Source: www.pilotworkshop.com/tips/ifr_approach_trap.htm, Featuring Wally Moran

Bob:

"Wally, a trap that seems to be very misunderstood and confusing to many pilots is the Obstacle Departure Procedure. Would you take a look at this trap for us and share with us whatever insights you can?"

Wally:

"Sure, Bob. Think about this scenario regarding that. It starts with a newly-minted instrument pilot making his first IFR departure from a strange airport.

There’s a 600-foot ceiling, three miles visibility, and good weather just a few miles away. Just the kind of situation this guy thought he obtained his instrument rating for. Just a few minutes on instruments, I’ll be on top, and then sunshine all the way to my destination in good weather.

His ATC clearance was direct to a local VOR about five miles southwest of the airport. After that, as filed. The pilot was departing to the west on Runway 27 and as expected, he entered the clouds about 600 feet.

Soon thereafter, he began his turn towards the VOR. When the pilot failed to contact Departure Control, a search was begun. It was ultimately determined that the aircraft struck a tower located southwest of the airport at an elevation of 1,200 MSL."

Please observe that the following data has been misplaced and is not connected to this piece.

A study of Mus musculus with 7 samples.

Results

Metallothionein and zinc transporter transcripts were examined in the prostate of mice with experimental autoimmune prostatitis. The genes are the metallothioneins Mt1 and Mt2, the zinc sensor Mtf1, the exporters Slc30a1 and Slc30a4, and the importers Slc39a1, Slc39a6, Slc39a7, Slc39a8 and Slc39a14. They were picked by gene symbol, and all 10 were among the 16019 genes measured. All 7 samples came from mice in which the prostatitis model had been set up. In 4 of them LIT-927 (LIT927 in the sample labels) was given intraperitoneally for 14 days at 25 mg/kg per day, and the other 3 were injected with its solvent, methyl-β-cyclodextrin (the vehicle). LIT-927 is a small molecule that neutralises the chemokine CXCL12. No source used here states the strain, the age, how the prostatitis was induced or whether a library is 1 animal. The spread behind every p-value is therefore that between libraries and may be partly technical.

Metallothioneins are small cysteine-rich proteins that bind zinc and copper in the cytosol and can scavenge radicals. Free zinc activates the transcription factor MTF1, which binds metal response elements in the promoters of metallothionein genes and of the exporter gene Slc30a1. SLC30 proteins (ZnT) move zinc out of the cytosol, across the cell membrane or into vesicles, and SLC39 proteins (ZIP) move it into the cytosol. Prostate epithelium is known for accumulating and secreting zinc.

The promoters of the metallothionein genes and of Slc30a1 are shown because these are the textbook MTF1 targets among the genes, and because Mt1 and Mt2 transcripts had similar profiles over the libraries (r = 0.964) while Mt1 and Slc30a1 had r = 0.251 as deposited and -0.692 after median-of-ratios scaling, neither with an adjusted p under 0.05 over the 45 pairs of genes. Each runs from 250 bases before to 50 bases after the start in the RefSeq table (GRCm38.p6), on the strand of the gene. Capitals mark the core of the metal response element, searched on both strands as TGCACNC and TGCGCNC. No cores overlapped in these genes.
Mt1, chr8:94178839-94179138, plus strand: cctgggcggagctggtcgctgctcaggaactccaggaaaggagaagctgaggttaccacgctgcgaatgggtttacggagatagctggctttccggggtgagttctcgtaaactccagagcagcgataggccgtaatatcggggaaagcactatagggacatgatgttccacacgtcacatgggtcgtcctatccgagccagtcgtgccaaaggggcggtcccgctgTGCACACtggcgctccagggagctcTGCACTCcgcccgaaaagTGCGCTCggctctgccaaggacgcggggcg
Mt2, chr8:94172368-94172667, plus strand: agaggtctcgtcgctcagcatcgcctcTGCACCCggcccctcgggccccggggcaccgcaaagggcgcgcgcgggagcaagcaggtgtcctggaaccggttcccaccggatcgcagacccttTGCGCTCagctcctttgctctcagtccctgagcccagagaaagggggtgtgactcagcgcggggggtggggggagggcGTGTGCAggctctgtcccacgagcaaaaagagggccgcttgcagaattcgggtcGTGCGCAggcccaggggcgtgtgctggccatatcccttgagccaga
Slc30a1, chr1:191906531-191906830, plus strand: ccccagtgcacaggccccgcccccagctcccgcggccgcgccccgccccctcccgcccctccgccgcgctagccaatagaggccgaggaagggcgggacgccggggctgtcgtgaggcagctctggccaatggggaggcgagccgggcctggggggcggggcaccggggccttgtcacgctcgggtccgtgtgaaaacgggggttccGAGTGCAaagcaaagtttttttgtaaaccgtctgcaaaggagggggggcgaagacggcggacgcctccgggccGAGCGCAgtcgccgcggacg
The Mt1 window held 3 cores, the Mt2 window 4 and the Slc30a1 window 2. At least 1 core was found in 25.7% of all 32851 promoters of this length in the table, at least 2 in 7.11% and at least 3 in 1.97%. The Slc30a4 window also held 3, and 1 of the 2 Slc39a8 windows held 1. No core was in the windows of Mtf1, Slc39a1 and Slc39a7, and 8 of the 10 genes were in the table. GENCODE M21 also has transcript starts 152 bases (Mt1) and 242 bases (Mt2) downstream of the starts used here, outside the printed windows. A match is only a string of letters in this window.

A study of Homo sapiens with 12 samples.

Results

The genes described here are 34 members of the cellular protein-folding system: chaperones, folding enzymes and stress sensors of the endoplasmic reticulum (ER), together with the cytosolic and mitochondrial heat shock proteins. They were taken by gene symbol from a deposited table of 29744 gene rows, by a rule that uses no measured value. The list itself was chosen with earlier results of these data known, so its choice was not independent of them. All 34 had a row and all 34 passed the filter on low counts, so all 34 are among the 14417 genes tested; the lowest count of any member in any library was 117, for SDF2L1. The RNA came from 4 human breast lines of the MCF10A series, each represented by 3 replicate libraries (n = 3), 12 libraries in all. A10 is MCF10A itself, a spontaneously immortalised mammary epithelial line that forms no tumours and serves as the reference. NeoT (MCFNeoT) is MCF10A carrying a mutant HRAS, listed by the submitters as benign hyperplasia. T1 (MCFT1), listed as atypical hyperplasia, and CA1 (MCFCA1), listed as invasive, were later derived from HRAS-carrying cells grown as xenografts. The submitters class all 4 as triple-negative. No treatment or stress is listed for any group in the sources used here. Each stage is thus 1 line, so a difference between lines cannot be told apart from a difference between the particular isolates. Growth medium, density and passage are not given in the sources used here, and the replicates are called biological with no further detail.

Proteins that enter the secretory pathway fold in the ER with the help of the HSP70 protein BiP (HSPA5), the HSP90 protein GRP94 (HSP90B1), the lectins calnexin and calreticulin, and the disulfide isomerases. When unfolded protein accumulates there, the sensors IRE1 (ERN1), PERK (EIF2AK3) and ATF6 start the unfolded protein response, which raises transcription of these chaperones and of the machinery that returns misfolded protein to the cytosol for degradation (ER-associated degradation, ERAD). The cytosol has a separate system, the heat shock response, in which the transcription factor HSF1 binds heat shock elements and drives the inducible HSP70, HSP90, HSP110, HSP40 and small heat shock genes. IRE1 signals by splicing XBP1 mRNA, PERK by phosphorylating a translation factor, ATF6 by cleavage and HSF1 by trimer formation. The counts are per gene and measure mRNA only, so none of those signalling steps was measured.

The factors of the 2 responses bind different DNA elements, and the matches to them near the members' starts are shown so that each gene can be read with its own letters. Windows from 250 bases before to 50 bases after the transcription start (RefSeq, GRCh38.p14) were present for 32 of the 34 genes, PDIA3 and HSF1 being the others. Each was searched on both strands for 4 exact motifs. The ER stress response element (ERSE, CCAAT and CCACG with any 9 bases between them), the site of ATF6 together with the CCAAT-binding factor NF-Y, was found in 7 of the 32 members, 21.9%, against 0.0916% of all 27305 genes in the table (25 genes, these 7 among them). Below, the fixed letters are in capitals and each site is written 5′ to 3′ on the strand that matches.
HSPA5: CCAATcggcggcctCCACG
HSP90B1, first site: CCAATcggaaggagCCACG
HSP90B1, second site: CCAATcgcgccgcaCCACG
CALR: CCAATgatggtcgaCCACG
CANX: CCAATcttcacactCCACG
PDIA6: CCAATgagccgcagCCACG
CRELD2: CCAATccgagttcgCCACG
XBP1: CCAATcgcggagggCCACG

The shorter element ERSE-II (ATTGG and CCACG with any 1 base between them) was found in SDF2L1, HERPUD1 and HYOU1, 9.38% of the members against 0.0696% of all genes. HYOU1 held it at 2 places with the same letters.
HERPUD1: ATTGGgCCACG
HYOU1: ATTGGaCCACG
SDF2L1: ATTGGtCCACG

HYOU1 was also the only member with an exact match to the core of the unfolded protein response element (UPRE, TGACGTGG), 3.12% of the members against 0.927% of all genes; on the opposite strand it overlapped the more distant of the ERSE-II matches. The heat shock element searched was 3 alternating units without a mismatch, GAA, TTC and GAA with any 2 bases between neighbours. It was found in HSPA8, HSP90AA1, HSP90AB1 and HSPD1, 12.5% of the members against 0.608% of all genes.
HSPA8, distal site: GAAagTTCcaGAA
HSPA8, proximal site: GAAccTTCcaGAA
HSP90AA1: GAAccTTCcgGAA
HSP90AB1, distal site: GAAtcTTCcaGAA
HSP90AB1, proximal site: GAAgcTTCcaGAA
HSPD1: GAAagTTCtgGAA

Bob:

"Sounds like this guy was complying with his ATC clearance. What the heck went wrong?"

Wally:

"He actually did comply with his ATC clearance, Bob, but he failed to notice that small black circle with a “T” in it on the NACO Approach Charts for the departure airport.

Failing to note that little symbol turned out to be a deadly mistake for this pilot. The symbol indicates that either there are non-standard take-off minimums or an Obstacle Departure Procedure for the airport.

To determine if there was in fact an Obstacle Departure Procedure, the pilot is required to look up the airport in the front of the Approach Plate Book. In fact, the procedure for Runway 27 called for him to climb on runway heading to 2,000 MSL before proceeding on course."

Bob:

"Wally, you mentioned the NACO charts. For those that use the Jeppesen Charts, what should they be looking for?"

Wally:

"The Obstacle Departure Procedures on the Jeppesen Charts are listed on the back of the First Approach Plate for a particular airport.

These Obstacle Departure Procedures are provided at airports with instrument approaches anytime there is an obstacle problem in the departure path. They provide a safe way to depart the airport under IFR conditions and the trap is that they are not normally part of the ATC clearance.

We as pilots must incorporate a review of the Obstacle Departure Procedures as part of our planning. Since we also don’t know what specific runway we’ll use at that time, it’s also always necessary to make Obstacle Departure Procedures a part of your pre-takeoff briefing."